On North Ronaldsay, the most northerly of the Orkney Islands, a flock of the rare and hardy North Ronaldsay sheep thrive on a diet of seaweed.
This biodynamic, dark and intensely flavoured meat has a distinctive gamey taste.
At Deerness, there are buffalo, a local favourite that is lower in cholesterol than most other meats. For vegans there is Selkie Seaweed, harvested from the pure waters around these islands. Seaweed was a big part of the Celtic diet but now it is making a comeback.
As the hard-drinking inhabitants know well, Orkney is home to some exquisite liquors. 'Orcadians are not given to bragging and neither is Scapa whisky,' but you'd be forgiven for thinking there was only one whisky made in Orkney, Highland Park.
Scapa is the lighter, more accessible of the two, made with water from the Orquil Springs for the 'mashing'. Perfect for keeping you warm on a stormy night on the Orkneys.
The food and drink artisans of Orkney produce food and drink following traditional methods and unhurried processes. No more so than at the Orkney Brewery where they make Dark Island, a strong Orcadian Ale.
The Orkney Wine Company is the UK's most northerly winery and makes a variety of sulphur-free, vegan fruit based wine and liquors. A Cask of Elderberry Borealis is matured in an Orkney Bere Barley whisky cask and will set you back only £22.95.
There are plenty of fantastic restaurants and hotels to eat in Orkney. The famous but cosy Hamnavoe Restaurant in Stromness is famed for their seafood. Found up a nook of a street, it is reservations only and open during the summer months.
The Skerries Bistro in St Margaret's Hope, another local favourite, has stunning views across the Pentland Firth and uses only locally sourced sustainable ingredients with a menu that evolves with the seasons.
Orkney is famous for its seafood, from hand-dived scallops, crab, lobster to Partan toes (crab claws). You can buy seafood direct from fishermen or at Jollys where they smoke fish in their own kiln. Salt and air dried fish is the traditional method of preserving fish in the islands.
Farmhouse cheeses were an Orkney tradition until legislation stopped much of the production. Orkney is famous for its cheeses and the Island Smokery also produce smoked cheese.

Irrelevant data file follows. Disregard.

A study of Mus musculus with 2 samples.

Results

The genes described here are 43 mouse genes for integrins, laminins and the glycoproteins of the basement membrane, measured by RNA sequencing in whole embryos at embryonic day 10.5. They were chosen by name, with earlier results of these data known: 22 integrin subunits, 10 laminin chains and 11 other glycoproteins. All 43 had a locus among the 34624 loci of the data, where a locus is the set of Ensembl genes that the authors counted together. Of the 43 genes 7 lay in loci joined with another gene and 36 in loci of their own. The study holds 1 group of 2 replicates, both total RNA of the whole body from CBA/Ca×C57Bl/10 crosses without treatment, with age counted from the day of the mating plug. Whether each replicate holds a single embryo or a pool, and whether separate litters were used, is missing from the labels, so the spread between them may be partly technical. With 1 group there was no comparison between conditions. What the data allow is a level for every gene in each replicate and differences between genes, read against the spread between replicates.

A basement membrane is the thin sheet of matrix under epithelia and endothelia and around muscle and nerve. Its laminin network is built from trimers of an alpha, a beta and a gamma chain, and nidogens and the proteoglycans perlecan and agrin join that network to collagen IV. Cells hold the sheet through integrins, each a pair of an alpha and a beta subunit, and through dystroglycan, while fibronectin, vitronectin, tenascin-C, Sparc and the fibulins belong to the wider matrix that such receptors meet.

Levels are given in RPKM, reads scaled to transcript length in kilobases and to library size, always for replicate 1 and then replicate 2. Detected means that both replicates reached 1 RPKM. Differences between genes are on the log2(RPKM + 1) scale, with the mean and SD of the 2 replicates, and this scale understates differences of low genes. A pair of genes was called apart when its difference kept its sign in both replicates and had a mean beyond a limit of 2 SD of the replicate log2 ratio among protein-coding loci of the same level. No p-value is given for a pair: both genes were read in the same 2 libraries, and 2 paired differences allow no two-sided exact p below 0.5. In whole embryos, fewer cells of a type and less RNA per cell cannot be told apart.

Then there is the much sought after Grimbister Farm Cheese, the crumbly textured cheese with a lemony tang. Breadcrumbed and fried Grimbister Cheese is a famous starter in Orkney restaurants.
For those who like their cheese squeaky, there's Veira Russell's highly prized farmhouse cheese. And for an oatcake on which to put these crumbly cheese, reach no further than a Stockan's Oatcakes, which have been baked on the islands for over 100 years.
Bere Bannocks are a thick scone unique to Orkney, made using barley grown and milled in Orkney and baked on a girdle. Bere is a kind of barley that's been grown in Orkney for thousands of years and is also used for brewing ale. At Barony Mills in Birsay you can see for yourself as the miller demonstrates the machinery to visitors. You can even buy a bag of beremeal to make them at home yourself.
For the sweet-toothed, Orkney is a real treat. Orkney fudge is still hand-made in Stromness at the Argo's Bakery using the same recipe for many generations. Orkney Fudge Cheesecake is a speciality often on the desert menu of local restaurants.
Orkney Ice Cream is made using centuries-old traditional processes at The Orkney Creamery. It was first introduced to use up a surplus when semi-skimmed milk became popular, but it is now sold all over the country in flavours as wild as the islands.
Why is this ice cream so tasty? The locals say it is so good because the cows live a stress-free life munching on fertile grass near the sea. It wouldn't be fair to disclose our favourite food or drink from Orkney.
As the local saying goes, 'don't rock the boat'.